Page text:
When Bianca Bosker started the research for her book "Cork Dork," she wanted to uncover the science and marketing that mixes with romance and lore to sell over 30 billion bottles of wine each year. Most people start shopping for wine a bit mystified. There isn’t much to tell you about the wine except the label and who knows what that French description and picture of a cat means? If you’re not supposed to judge a book by its cover, then what are you supposed to glean from a wine label?
Shopping online or ordering a wine in a restaurant can be even more daunting. You don’t even get to hold the bottle in your hands before making the purchase. Thankfully, Bosker has several tips to help reduce your wine-buying anxiety.
Do you think buying wine online is better or worse than buying it in the store?
Buying wine is a bit like buying books: ordering online can be a helpful convenience when you know exactly what you’re looking for. But I’ve discovered many of my most treasured bottles—like my most treasured books—thanks to retail stores run by people who intimately know, love, and are eager to discuss the items of the shelves.
Like my favorite bookstores, my favorite wine shops have a collection curated by someone who gives a damn and is happy to get into long conversations with me. I never thought I’d say this, because at the beginning of my journey the only thing I got out of a glass of wine was drunk. But certain wines, like certain books, enable you to travel through space and time without ever leaving your house. And if you think about it, asking for a wine recommendation is a lot like asking what to read next: You need to articulate what sort of experience you want.
Should diners should carefully peruse a restaurant's wine list or trust the sommelier to make a choice?
So many people treat the wine list as a multiple choice exam, as if they have to pick the “right” answer from a laundry list of options by the time the server or somm returns to their table. But when I went out to eat with my sommelier friends, I found the more they knew about wine, the less specific they often were when ordering. If they trusted the sommelier, they’d provide her with just two pieces of information: What they want to spend, and what flavors they want to drink. The latter could be as specific as, “I’m craving something like a Cabernet Franc from Chinon,” or as broad as, “I feel like something herbal.” The somm, who knows the list more intimately than a guest ever could, guides from there.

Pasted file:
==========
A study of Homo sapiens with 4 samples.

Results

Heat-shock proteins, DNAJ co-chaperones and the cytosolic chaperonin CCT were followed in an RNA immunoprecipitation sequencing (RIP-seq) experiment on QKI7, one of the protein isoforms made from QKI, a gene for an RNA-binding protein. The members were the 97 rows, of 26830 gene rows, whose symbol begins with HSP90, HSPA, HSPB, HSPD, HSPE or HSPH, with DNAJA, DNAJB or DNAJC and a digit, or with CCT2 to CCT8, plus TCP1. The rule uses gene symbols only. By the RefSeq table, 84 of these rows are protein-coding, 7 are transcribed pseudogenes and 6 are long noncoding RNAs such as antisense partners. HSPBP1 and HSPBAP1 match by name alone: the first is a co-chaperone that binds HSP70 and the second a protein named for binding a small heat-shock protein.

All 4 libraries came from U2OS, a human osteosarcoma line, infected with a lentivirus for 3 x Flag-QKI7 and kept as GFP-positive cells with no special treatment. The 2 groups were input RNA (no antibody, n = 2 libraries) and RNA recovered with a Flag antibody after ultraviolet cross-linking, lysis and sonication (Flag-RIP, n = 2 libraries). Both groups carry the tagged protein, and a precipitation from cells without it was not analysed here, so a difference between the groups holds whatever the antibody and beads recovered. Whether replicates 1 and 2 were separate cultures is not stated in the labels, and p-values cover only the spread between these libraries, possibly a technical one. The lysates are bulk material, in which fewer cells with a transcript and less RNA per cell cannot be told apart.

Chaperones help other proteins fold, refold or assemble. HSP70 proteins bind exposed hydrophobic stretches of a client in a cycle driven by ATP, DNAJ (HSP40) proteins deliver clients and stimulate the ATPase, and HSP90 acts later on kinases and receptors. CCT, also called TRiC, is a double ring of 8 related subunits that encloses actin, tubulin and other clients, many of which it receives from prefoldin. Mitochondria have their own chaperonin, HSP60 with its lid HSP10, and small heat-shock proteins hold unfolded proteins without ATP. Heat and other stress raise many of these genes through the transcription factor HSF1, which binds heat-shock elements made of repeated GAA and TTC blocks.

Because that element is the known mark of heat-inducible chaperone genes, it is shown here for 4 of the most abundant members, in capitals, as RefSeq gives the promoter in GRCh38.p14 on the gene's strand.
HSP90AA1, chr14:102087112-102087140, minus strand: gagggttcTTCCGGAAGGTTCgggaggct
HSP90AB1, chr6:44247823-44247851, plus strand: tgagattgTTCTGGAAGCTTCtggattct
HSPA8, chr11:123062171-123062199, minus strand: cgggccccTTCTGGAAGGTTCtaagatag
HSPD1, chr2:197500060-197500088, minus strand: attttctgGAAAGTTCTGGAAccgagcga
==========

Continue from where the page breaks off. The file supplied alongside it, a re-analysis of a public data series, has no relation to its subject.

If the restaurant doesn't have a sommelier, do you trust the waiter or try to be more careful in your choice?
There are plenty of restaurants where a staff member will do double-duty as both sommelier and server—and gets the training to back it up. Just because someone doesn’t refer to herself as a sommelier doesn’t mean you can’t trust her to recommend a good wine.
Many diners are concerned about being ripped off by a sommelier. Do you think there's any truth to that concern?
I apprenticed in Michelin-starred dining rooms as part of my sommelier training, and I was impressed to discover that high-end restaurants will judge you as much as you judge them. They aim to Google all guests before they come in, and keep detailed notes on their likes, dislikes, tantrums, importance to the restaurant, and so more so the staff know how to handle them.
Splurge on wine, and you might be labeled a “Wine PX,” short for “personne extraordinaire.” Get huffy, and you just might be labeled, “SOE,” short for “sense of entitlement.” Other somms and servers study jewelry, designer bags, or luxury watches to gauge a table’s potential price range.
Sure, there is a profit motive at play—it’s a business, after all. But the best sommeliers use all this information and more to read what you want emotionally out of your meal, so they can provide that along with a wine. The sommeliers who inspired me to set out on my quest to train as a somm treat wine less as a job than a calling, and are on a mission to convince the world that beauty in flavor belongs in the same rank as beauty in art or music. They hone their skills in high-stakes sommelier competitions (think the Westminster Dog Show, with booze), take dance lessons to learn to move more gracefully across the floor, and review wine flashcards during their commute to work—by bike. Much more than cork pullers, they are storytellers.